Hillary Clinton received a few endorsements in the last couple of days that I haven’t had a chance to note here.
They include: Grammy-award winning artist, actress and model Mýa Harrison; Navajo President Joe Shirley Jr.; Texas Reps. Solomon Ortiz of Corpus Christi, the dean of the Texas Democratic delegation, and Gene Green of Houston; the New York State Professional Fire Fighters Association; Prince George’s County Executive Jack B. Johnson; Former Oklahoma Governor David Walters; Los Angeles County Supervisor Gloria Molina; and The Denver Post.
The Denver Post said in their endorsement:
When Democrats gather in Denver in August to nominate their candidate for president of the United States, they will make history by nominating someone other than a white male for the nation’s highest office.
Whether the oldest political party (with roots dating back to Thomas Jefferson) chooses the first African-American or the first woman to bear its standard, it will send a powerful message that the promise of “liberty and justice for all” truly does mean all Americans.
But as important as that symbolism is, Democrats have an even greater responsibility: to pick the most qualified candidate to lead America at a time when it faces great challenges at home and abroad.
Measured by her long record in public life and her thoughtful proposals to deal with America’s most pressing problems, The Post believes that candidate is New York Sen. Hillary Rodham Clinton.
Tsunami Tuesday is looking like it will be close as Obama has gained in the polls in recent days, but so too, Hillary Clinton has spiked by a few points again. Gallup notes:
In the most recent tracking period, Clinton holds a seven-point lead over Obama among Democratic primary voters nationwide, 48% vs. 41%. This is up from three- to four-point leads Clinton had the previous two days, but it is still a much closer race than a week ago when Clinton led Obama by 15 points.
Oh, and incase you missed it, because you are like me and don’t watch TV:
Senators Barack Obama and Hillary Rodham Clinton have unleashed advertisements in nearly all the 22 states that have Democratic presidential nominating contests on Tuesday, a combined $19 million expenditure that is the most ambitious and geographically expansive television effort in a presidential primary. […]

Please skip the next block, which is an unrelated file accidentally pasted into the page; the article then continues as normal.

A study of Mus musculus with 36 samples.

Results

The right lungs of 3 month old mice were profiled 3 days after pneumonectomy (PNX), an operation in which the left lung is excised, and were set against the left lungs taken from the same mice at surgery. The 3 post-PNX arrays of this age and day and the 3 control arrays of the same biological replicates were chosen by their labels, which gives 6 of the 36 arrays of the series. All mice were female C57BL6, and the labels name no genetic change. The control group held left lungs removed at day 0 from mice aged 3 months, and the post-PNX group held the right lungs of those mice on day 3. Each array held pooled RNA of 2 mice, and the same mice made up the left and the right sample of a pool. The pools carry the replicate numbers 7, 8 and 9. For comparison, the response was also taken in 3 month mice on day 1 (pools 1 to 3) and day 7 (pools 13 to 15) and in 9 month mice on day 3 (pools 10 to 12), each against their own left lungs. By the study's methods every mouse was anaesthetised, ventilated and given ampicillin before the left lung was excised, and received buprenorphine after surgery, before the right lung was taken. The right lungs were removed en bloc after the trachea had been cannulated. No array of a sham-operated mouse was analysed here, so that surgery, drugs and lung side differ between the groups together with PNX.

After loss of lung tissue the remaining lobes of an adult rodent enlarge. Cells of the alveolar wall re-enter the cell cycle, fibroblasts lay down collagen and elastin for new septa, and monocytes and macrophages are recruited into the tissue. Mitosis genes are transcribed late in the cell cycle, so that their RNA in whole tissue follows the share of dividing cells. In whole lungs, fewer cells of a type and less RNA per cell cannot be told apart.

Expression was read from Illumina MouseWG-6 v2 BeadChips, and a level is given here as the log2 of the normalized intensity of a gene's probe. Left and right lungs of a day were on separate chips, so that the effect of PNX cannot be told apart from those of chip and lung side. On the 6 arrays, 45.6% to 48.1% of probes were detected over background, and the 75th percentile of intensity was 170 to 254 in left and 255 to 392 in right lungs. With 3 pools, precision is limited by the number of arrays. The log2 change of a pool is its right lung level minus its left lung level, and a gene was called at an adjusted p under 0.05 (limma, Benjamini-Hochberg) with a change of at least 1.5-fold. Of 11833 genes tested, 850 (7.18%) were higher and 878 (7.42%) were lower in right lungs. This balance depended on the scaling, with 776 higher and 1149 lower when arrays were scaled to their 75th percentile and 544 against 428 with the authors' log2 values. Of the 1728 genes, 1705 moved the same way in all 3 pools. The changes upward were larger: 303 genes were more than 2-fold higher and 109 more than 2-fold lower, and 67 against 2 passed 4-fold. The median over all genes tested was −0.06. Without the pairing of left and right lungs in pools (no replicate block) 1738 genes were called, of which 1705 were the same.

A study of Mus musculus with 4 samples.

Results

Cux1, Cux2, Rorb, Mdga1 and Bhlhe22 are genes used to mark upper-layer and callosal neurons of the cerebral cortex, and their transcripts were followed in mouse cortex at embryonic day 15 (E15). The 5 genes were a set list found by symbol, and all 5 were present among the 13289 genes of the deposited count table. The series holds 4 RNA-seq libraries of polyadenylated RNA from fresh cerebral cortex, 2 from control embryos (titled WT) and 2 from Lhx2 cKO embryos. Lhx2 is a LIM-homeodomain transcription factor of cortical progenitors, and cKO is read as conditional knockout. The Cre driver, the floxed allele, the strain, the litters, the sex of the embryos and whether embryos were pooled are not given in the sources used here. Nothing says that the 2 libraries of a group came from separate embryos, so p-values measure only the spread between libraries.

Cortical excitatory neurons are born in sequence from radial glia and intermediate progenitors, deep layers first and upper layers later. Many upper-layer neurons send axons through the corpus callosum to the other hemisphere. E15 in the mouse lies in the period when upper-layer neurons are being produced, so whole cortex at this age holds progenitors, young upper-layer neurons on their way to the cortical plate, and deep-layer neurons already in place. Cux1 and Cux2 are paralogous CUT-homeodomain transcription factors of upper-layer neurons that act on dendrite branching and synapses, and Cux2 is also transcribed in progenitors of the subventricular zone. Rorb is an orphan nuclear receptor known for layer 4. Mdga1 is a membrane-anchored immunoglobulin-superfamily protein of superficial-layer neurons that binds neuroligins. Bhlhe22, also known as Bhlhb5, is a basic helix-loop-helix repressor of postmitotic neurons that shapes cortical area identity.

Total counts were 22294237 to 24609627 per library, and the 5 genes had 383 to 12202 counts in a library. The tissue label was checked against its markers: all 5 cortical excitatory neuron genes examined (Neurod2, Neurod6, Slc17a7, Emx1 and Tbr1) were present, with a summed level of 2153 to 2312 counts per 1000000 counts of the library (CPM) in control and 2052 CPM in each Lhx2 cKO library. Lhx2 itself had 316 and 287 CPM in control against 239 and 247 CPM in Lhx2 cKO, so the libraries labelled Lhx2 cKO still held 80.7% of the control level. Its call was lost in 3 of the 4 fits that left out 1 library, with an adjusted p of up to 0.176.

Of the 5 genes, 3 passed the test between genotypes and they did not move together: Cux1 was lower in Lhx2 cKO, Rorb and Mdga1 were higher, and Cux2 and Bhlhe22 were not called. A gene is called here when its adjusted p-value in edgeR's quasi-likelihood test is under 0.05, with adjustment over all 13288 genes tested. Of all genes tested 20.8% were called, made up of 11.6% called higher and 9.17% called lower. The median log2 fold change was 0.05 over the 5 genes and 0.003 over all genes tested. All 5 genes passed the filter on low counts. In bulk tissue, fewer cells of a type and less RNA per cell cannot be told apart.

Most of Mrs. Clinton’s advertisements are keyed to economic anxiety, a subject she has increasingly addressed. Voters across the country are seeing what has become her signature advertisement on the economy: a man dropped from a plane and hurtling toward the ground — an image intended to capture an economy in free fall — until his parachute engages, presumably suggesting what a second Clinton presidency might do for the economy.
But she, too, has aimed specific advertisements at specific states or groups. In California, for example, she has run advertisements about the environment and energy. “We have to get serious about ending our dependence on foreign oil,” she says in that spot. And on Saturday, an advertisement featuring Robert F. Kennedy Jr., who is supporting her, will begin running in Massachusetts and New York — seeking to counter Obama advertisements that feature Senator Edward M. Kennedy and Caroline Kennedy, the daughter of former President John F. Kennedy, who have endorsed Mr. Obama and campaigned for him.
The above mentioned Robert F. Kennedy, Jr. ad is here. And speaking of endorsements, Michael J. Stickings on The Reaction says he’ll be making his endorsement of one of the two Democratic candidates on Monday or Tuesday.